What are the workplace expectations of Gen-Z? And what kind of advice would they give to people involved with entry-level hires -- or younger members of the agency workforce? Those topics were front and center during a conversation featuring Wren Lee (they/them), an entry-level junior experience designer at Publicis' Sapient office in Boston. They revealed some important insights during an interview with Ambar Vidals, the 4As Foundation's Senior Associate, MAIP. An edited transcript follows.
Ambar Vidals: You've been involved with several organizations -- among them the Multicultural Advertising Intern Program (MAIP), O4U (Out for Undergrad, focused LGBTQ undergraduates) and Publicis' MCTP (Multicultural Talent Pipeline), to name a few. All of these programs have diversity top of mind. How did they shape your view of the workplace and set expectations when it came to your first full-time job?
Wren Lee (pictured at top): I was happy to be a part of these. Something I liked in MAIP and MCTP is that everyone who came to talk to us was so honest and open about their experiences and expectations. I don't appreciate when people try to hide things.
Talking about work-life balance stood out to me, especially now during COVID. People are trying to set boundaries and havepeople respect them. Something I got out of MAIP was how you set those boundaries; how to say "no" and have time for yourself. Because that's something I didn't have in college. I was very much wake up and have breakfast, but from that point onwards I was doing school or work stuff.
I learned a lot about being realistic about how you can respect yourself and uphold your mental health. These are things that I've taken into my workplace. One of my co-workers during my internship told [me,]"I block off an hour for lunch on my calendar so you can't book with me." And I thought, "That's so smart." Now I do that, too.
Vidals: What are some key lessons you'd like to share with other Gen-Z entry-level talent?
Lee: A big thing, especially with MAIP and MCTP, is growing your network and realizing its importance. I remember one of the main MAIP speakers said that your network is your net worth. Until graduation I didn't realize that talking to people, networking and making connections are super important.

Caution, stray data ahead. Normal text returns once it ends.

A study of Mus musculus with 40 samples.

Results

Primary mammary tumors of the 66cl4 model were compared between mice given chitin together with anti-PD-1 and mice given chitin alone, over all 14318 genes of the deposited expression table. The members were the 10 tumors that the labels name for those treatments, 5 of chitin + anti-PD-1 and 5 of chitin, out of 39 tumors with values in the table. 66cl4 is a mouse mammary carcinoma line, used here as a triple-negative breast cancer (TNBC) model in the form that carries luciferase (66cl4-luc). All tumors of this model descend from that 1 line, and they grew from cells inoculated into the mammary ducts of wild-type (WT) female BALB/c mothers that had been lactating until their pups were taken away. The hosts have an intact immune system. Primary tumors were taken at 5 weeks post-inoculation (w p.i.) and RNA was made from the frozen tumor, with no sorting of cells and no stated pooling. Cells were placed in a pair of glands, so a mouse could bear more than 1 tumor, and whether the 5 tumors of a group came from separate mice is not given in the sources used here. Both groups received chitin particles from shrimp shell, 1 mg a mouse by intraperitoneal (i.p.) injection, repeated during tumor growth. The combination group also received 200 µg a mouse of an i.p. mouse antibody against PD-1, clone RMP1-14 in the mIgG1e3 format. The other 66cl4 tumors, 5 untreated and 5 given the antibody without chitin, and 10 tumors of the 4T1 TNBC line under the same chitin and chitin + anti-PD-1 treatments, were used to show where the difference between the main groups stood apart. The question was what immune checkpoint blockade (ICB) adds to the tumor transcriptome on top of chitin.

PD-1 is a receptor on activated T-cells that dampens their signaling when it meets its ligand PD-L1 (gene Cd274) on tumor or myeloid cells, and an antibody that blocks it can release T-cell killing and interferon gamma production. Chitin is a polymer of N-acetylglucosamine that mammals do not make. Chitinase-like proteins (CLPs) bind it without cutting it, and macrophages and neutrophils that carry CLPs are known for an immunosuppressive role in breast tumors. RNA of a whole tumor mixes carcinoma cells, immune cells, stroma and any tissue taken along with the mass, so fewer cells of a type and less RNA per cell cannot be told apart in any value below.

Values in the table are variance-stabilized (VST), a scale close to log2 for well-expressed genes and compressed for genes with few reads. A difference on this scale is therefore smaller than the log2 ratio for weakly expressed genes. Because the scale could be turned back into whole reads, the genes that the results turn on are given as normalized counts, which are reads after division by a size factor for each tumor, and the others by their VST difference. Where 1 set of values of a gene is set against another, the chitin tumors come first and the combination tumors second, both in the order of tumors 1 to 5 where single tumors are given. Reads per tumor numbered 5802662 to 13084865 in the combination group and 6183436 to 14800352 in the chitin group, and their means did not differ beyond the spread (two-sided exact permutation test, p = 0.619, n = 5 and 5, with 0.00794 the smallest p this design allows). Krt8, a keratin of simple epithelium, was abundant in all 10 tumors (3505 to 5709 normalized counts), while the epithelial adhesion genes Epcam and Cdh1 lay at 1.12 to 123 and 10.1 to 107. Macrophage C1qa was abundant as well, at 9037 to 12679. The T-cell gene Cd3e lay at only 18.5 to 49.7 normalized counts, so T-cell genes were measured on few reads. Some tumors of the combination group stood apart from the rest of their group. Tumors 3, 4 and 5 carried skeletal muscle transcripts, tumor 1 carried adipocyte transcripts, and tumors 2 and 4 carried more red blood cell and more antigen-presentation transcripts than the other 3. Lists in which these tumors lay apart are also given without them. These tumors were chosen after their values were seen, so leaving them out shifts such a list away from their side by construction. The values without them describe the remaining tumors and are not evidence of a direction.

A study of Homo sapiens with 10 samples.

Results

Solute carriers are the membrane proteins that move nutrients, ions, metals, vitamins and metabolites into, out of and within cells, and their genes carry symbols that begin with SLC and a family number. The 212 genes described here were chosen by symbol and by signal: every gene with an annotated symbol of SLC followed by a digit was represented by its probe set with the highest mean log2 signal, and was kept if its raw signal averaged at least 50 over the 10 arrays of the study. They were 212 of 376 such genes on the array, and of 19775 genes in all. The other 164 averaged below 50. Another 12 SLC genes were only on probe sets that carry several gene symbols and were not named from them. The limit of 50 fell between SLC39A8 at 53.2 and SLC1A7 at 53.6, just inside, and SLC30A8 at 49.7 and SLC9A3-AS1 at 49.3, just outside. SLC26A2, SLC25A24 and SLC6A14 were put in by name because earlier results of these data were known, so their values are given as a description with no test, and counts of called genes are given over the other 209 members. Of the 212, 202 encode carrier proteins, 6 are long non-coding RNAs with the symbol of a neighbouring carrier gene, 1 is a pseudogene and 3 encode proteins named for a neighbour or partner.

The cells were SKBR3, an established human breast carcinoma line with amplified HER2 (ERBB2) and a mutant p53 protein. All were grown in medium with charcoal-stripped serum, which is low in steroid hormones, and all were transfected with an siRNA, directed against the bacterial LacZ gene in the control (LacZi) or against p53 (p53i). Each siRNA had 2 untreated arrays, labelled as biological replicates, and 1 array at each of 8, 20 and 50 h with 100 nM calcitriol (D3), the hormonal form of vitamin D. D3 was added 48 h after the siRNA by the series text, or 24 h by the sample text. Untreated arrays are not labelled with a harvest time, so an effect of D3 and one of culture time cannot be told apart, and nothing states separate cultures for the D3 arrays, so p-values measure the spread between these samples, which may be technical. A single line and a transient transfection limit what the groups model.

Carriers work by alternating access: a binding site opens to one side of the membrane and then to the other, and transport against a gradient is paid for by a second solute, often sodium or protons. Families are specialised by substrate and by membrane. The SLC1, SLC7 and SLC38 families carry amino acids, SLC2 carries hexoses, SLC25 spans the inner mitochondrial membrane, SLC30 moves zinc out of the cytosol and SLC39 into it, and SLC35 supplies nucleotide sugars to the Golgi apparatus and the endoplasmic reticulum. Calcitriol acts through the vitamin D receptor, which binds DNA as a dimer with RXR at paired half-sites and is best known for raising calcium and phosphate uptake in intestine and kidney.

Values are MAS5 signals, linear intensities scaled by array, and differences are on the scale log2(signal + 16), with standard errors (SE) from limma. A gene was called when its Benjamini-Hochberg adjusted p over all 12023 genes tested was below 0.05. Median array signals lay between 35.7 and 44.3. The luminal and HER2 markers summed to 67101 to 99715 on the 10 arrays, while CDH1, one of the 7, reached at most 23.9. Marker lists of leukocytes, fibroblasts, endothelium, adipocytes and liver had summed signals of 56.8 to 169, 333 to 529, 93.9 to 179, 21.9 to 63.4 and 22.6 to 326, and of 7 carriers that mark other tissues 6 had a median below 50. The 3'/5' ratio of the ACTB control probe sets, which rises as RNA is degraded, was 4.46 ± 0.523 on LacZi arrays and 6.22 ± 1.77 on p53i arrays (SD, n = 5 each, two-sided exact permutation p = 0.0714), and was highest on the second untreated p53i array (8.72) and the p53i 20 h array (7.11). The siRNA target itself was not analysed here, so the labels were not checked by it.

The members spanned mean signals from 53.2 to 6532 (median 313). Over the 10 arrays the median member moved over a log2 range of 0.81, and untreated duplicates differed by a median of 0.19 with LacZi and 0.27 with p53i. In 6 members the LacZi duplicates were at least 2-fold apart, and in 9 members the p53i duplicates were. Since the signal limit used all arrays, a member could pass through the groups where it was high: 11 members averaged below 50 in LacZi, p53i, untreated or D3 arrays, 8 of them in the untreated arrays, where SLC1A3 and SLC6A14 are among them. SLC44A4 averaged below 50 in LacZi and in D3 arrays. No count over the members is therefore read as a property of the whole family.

Hearing from different senior-level folks, I realized you want to take advantage of opportunities as a young person, especially in advertising and marketing where there [are] so many different roles.
The biggest piece of advice that I've learned is to explore your interests, especially if you are young. [If you] want to go for a year to do something else completely different, go for it. You have time and flexibility. Now with the pandemic you can try different roles remotely. You don't have to be in New York, L.A. or Chicago. You'll learn what you like and don't like, more about yourself and how you work.
Vidals: Remote events have allowed entry-level talent to attend leadership conferences from home. In your opinion, why are such conferences important, especially for Gen-Z?
Lee: I think that online conferences are democratizing knowledge. That brings me a lot of joy because people who might not have been able to attend a leadership conference are now able to have opportunities to learn.
Social media is also democratizing knowledge and giving it to people who might not have been able to access it otherwise. I'm a strong believer in "share knowledge and spread as much information." It's empowering to have all that ability and control over what I'm learning and when I'm learning it.
Vidals: What would you want to see more of during these conferences?
Lee: I would love to see more concrete action steps. For example, networking [is] important, [but] what is a way that I could word this LinkedIn connection request? Gen-Z has a bias for action. We're go-getters, [and] we want to do things.
Vidals: What's one uncommon piece of advice that you would give any Gen- Z professional starting their first full-time role?
Lee: There are two interconnected things. One, I've had to take to heart that you're more than your job. I was in a group chat, and someone said, "It's just a job; it's just advertising." You are more than the person you bring to work. You have friends, family and connections. I [know] I am a writer, a creator, a storyteller, a partner, a friend -- all these different things. That plays into your mental health, and if you're not feeling great mentally, you're not going to do productive work.
That leads to my second thing. The decisions that you make are right for you at that moment. Maybe you have to take a slightly lower salary to be in the city you want to be in, to be with that company you want to work for. I have to remind myself constantly, when I made "X" decision, that person has grown, that person has changed and is a different person now.